Sharks poised for long run
Whether the Sharks win the Cup remains to be seen, but at the very least I see another solid run such as the one they had a year ago, when San Jose reached the Western Conference finals.
Oh yes, I know Scotty loves to mention how they were swept. Fact is if you actually covered that series you would know just how close those games were. Former Hawks goalie Antti Niemi stole Game 2 and you could argue Game 4, as well.
Now, Niemi is with the Sharks, and that's no small detail. They have a guy in goal with a freshly minted Stanley Cup ring. OK, so he didn't carry the team on his shoulders, and one could argue he was shaky at times in the Cup finals. But in the end, he was solid overall and has removed any doubt he had what it took to backstop a Cup championship team.
Sharks coach Todd McLellan touched on that Sunday during a call with reporters, but one of the silver linings of his team's first-half struggles, especially the six-game losing streak in early January, was the eventual response from the players. They looked in the mirror and realized they needed to bring their commitment to a whole other level. San Jose's sizzling second half speaks for itself.
From shot-blocking to taking a hit to taking abuse in front of the net, this is a team that accepted a new level of sacrifice to win games. I see that continuing in the playoffs.
This is also the deepest team, forward-wise, I can remember in San Jose.
Joe Pavelski enters the playoffs centering the third line. He is the same player who scored a bagful of clutch goals last spring and looked terrific on the big stage for Team USA at the 2010 Olympics. Now, he's three-deep on this team with Joe Thornton and Logan Couture down the middle. And sometimes McLellan can put Patrick Marleau back at center and move Thornton or Couture on the wing. That tremendous flexibility and depth make San Jose a matchup nightmare for opposing teams.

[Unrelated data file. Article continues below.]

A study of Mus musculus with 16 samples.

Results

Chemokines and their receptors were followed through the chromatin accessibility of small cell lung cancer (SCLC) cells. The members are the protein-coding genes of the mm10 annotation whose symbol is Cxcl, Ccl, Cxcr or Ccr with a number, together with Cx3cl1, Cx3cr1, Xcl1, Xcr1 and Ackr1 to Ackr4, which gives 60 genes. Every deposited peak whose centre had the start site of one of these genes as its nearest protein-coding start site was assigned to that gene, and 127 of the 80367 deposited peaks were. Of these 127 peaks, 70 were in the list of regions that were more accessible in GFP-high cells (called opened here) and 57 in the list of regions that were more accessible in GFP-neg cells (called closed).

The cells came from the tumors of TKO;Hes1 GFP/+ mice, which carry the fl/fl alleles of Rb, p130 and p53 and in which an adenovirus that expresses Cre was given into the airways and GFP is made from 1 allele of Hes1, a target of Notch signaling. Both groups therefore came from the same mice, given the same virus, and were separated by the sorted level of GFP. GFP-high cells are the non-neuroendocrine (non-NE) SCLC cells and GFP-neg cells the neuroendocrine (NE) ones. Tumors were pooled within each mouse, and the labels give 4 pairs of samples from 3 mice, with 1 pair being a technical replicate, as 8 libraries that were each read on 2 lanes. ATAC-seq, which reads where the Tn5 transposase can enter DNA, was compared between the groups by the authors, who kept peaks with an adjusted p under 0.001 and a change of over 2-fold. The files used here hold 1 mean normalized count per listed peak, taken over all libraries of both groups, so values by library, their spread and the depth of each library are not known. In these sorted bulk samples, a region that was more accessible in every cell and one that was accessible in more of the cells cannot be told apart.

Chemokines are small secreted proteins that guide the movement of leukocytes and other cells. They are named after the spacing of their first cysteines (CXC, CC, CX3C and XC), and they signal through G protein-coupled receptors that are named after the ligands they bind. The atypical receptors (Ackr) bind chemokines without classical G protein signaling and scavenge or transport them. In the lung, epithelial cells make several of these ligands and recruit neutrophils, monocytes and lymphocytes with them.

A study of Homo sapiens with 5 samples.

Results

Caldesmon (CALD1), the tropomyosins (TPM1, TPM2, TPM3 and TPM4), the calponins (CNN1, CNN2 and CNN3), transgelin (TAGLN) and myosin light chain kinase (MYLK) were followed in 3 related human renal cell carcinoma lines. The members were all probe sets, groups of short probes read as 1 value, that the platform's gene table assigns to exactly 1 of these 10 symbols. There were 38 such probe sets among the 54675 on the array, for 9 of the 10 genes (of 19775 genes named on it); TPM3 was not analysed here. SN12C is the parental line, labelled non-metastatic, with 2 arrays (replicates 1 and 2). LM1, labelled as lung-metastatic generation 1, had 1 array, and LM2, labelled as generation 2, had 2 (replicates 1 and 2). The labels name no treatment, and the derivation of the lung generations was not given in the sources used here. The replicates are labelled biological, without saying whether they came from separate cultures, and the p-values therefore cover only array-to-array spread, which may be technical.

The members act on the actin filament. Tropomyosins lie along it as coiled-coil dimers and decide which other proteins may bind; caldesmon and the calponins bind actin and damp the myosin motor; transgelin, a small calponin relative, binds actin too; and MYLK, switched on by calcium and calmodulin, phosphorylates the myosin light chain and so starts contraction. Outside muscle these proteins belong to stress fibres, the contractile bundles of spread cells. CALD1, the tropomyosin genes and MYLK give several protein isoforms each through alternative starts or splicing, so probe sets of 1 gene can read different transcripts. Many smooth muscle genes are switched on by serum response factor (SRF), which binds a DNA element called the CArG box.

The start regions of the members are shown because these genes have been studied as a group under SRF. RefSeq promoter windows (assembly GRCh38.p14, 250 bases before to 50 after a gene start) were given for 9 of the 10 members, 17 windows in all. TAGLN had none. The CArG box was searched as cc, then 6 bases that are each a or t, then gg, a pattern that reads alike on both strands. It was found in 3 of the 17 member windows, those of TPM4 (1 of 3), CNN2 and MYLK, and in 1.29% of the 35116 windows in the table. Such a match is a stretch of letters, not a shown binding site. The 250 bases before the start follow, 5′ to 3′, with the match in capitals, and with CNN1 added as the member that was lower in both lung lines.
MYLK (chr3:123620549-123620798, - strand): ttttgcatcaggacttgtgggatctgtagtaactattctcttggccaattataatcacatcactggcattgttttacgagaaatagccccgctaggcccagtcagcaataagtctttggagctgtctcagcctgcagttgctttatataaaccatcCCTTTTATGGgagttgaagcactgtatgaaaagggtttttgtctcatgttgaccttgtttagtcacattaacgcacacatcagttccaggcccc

And finally, wouldn't it just be the way, after all these years of people picking the Sharks to win only to fail, San Jose would figure it out when most people had given up on them? Of course, some of us still picked the Sharks to win it all this past September.
Haven't we seen this before?
The San Jose Sharks surge into the playoffs as one of the top teams in the NHL.
Gee, where have we heard that before? Pretty much every year since the lockout.
And yes, no team is as adept at putting up huge regular-season points. The Sharks have managed to collect at least 100 points in five straight seasons and have followed those stellar regular seasons by consistently declining to take their game to the next level, the level on which championships reside.
Last season, the Sharks did reach the Western Conference finals, and apologists such as my good friend Pierre LeBrun will point out that while they got swept by the eventual Cup champs from Chicago, it was close. Really close. Sometimes they will tell you the series was really, really, really close despite the basic fact the Sharks failed to win a single game.
And here is what leads me to suggest that once again, at some point along the way, the Sharks will come up short.
In 2007, when the Detroit Red Wings came up short in a desperate bid to tie the Anaheim Ducks in Game 6 of the Western Conference finals, there was no satisfaction there, no sense of a job well done. There was nothing but disappointment. The next season, the Wings returned with a vengeance and won the Cup. (It's worth noting the Wings knocked off San Jose in the second round, as the Sharks couldn't protect a late lead in Game 4 and allowed Detroit to tie the series at two. San Jose never won another game.)
So, you say maybe this year the Sharks will build on last season's run and take that final step? Goalie Antti Niemi has proven to be a brilliant acquisition by GM Doug Wilson, more than filling the regular-season gap created by Evgeni Nabokov's departure. And Niemi did win a Cup with Chicago last season, even if he was just OK in the Cup final against Philadelphia.
But until we see Niemi prove he can do the job in teal, we remain skeptical. Until we see youngsters such as Joe Pavelski, Ryane Clowe and Devin Setoguchi prove they have the leadership qualities to take the Sharks where Dany Heatley, Joe Thornton and Patrick Marleau have not, well, we'll be content to wait to see just where the Sharks jump the tank once again.